The NY Times just ran…

The NY Times just ran this piece on nouveau riche farmers in India.

Some of the attitudes in the write-up was just mean. Like this -- why was this description necessary, if not in an attempt to mock this woman? On her son's wedding day too -- how is she going to feel when she reads this article in the paper?

"The corpulent mother of the groom, her flesh spilling out of her sari, giggled as she barreled toward the arriving aircraft. Oh my God! she exclaimed. We are so happy!"

How is it relevant that she's overweight? Are they trying to underline some sort of message of excess? Given that the money acquisition was recent, it wasn't as if it had anything at all to do with her food consumption.

That just infuriates me. It's so awful, in fact, that I keep checking to see if it's some kind of parody or satire of this kind of article that I'm missing somehow?

Also, the example they pick, which I gather is supposed to illustrate how these people are blowing their money on ridiculous things like fancy helicopters and going broke, doesn't do so at all. They say the father of the groom had earned about $109,000 selling three acres of land. "He banked some of the money, renovated his house, bought a small Hyundai and purchased three more acres farther out to continue farming." Then he spent $13,000 on his son's wedding. Is it out of line to spend 10% of a windfall on a fancy family party? That seems entirely reasonable to me, especially given how sensible he was about the rest of the money. This article just doesn't make any sense.

What was this writer (Jim Yardley, a Pulitzer-Prize winning journalist) thinking? He's apparently their India specialist too, although mostly politics / economic topics, not cultural.

2 thoughts on “The NY Times just ran…”

  1. Assuming your questions weren’t rhetorical, I can explain the other POV: Selling your main source of income (land) is not a windfall, and 8 years of an average person’s income on a 5 minute helicopter ride is not a “fancy family party” In US terms, if a farmer outside Chicago sold his house for $3 million, does that make sense to spend 300K on a 5 minute trip in the space shuttle? This is not true discretionary income, it’s the wealth of ancestors. When you sell your house, you have to roll over that money into your next house (which makes me wonder how he was able to trade his 3 acres for a different 3 acres), and then maybe on: better education, better equipment for your farm, emergency savings for a rainy day… How far would that go in a hospital for their town?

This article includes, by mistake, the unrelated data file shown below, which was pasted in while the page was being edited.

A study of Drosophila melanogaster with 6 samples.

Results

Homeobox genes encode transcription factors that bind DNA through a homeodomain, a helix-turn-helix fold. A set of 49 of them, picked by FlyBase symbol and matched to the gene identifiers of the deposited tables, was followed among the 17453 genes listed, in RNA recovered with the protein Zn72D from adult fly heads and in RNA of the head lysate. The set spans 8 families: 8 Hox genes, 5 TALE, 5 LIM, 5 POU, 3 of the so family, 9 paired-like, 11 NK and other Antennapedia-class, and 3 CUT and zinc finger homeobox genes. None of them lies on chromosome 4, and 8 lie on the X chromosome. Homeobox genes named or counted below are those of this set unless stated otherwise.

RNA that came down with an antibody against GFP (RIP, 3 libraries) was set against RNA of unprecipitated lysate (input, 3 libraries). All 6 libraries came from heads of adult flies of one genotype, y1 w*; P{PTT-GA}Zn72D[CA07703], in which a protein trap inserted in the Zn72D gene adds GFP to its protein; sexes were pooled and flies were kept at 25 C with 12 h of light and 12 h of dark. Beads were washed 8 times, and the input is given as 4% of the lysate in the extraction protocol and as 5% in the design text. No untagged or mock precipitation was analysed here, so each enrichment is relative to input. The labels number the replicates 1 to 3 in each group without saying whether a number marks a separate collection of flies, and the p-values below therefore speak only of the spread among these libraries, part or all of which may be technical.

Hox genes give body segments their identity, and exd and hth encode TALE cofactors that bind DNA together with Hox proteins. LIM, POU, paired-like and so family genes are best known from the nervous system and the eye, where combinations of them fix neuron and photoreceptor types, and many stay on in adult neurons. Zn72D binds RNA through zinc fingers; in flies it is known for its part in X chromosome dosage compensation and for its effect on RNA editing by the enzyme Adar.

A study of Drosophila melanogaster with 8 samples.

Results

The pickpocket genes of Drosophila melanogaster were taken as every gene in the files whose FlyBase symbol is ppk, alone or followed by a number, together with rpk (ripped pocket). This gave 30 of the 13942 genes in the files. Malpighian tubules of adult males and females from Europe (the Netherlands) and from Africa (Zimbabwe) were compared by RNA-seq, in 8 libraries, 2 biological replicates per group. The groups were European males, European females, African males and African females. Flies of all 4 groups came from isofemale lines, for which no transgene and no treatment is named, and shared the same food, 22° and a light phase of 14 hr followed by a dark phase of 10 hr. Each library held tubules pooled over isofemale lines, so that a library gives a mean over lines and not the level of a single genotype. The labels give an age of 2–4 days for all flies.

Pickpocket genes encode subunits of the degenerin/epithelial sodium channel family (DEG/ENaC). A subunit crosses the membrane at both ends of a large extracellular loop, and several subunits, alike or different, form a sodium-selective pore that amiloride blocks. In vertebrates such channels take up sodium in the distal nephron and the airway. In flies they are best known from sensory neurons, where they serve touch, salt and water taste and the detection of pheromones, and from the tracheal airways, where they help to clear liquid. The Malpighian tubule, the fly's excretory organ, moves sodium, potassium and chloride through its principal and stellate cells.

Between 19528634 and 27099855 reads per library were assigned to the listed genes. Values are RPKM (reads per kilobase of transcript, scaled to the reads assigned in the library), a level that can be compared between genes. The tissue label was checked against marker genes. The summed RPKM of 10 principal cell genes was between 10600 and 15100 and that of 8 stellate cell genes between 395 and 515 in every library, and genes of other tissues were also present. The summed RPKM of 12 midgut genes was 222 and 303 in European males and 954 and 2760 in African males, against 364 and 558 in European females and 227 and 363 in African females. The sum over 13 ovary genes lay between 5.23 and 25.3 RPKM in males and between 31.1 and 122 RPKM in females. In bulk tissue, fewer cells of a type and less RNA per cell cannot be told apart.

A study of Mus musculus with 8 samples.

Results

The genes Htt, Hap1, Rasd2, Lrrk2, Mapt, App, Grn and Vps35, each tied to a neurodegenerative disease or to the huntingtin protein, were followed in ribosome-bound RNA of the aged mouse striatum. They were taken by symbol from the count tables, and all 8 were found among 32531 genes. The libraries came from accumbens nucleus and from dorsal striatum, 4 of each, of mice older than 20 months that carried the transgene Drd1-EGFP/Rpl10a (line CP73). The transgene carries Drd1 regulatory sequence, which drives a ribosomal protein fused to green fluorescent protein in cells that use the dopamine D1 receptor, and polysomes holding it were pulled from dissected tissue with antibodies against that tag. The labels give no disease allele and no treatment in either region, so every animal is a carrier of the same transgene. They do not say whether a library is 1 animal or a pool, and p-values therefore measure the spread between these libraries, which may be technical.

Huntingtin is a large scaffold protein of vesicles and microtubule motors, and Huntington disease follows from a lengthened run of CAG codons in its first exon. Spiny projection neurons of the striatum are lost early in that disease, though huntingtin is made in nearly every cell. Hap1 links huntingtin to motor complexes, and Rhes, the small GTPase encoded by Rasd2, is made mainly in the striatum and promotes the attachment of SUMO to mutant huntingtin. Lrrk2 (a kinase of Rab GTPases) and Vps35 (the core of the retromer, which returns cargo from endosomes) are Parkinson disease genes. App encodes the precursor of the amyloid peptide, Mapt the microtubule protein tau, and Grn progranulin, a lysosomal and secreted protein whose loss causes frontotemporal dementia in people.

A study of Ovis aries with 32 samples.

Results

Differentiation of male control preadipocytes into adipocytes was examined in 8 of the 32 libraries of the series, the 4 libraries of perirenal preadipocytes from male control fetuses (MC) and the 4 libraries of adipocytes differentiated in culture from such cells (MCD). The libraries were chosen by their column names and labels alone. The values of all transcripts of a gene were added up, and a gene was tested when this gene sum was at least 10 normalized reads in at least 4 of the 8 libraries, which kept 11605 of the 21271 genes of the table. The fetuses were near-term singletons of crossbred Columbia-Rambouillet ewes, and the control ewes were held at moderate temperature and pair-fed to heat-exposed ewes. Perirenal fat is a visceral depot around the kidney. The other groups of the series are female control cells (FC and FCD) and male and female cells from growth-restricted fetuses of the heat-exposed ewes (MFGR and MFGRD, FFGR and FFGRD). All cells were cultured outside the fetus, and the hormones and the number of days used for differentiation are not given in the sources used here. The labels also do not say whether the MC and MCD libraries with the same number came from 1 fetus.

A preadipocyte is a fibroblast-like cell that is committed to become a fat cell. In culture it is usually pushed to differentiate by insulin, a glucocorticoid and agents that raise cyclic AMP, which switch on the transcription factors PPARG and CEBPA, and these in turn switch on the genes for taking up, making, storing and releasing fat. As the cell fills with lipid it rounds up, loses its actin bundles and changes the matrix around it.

Her corpulence does seem significant within the framework of how American assume all Indians (farmers esp) are stick-thin, and the excess food consumption arrives with middle-class incomes. I’m not sure what “recent” means- think freshman 15 multiplied by wedding parties, and the weight could easily be as new as the wealth.

    The bit about “buying a small Hyundai” is about the contrast; a middle-income American might spend the money on a brief helicopter ride over Hawaii on their vacation, but those rides are cheaper and the more in line with our discretionary income (plus you get to see Hawaii).

  2. Mary Anne Mohanraj

    I disagree with a bunch of your points, I think. But briefly — the article notes that land values in certain areas have risen sharply, hence his ability to essentially move his farming. That certainly seems like a windfall to me — no loss to your business, just a big pot of cash landing unexpectedly.

    And it’s not as if they were destitute to begin with — they had a house, and probably an older car. So they used some of the money to fix things up, some to invest (hence the rainy day savings). When I got my book advance, I spent the bulk of it on paying off the last of my student loans, and a chunk on writing-related business investments, but I spent about 10% on pure indulgence, which feels about right to me. You never know when you’ll be hit by a bus, so take some pleasure while you can.

    The helicopter thing is especially where I think they missed the boat, not understanding the cultural context. Weddings are a big deal in India, and it’s expected that the groom will ride in on a horse — or, if he can afford it, an elephant. It’s sort of funny that an elephant is now a helicopter, but this middle-class farmer who got lucky with his land value rising sharply got to throw an upper-class wedding. How is that even a story?

    The weight thing I still think is both mean and off-topic.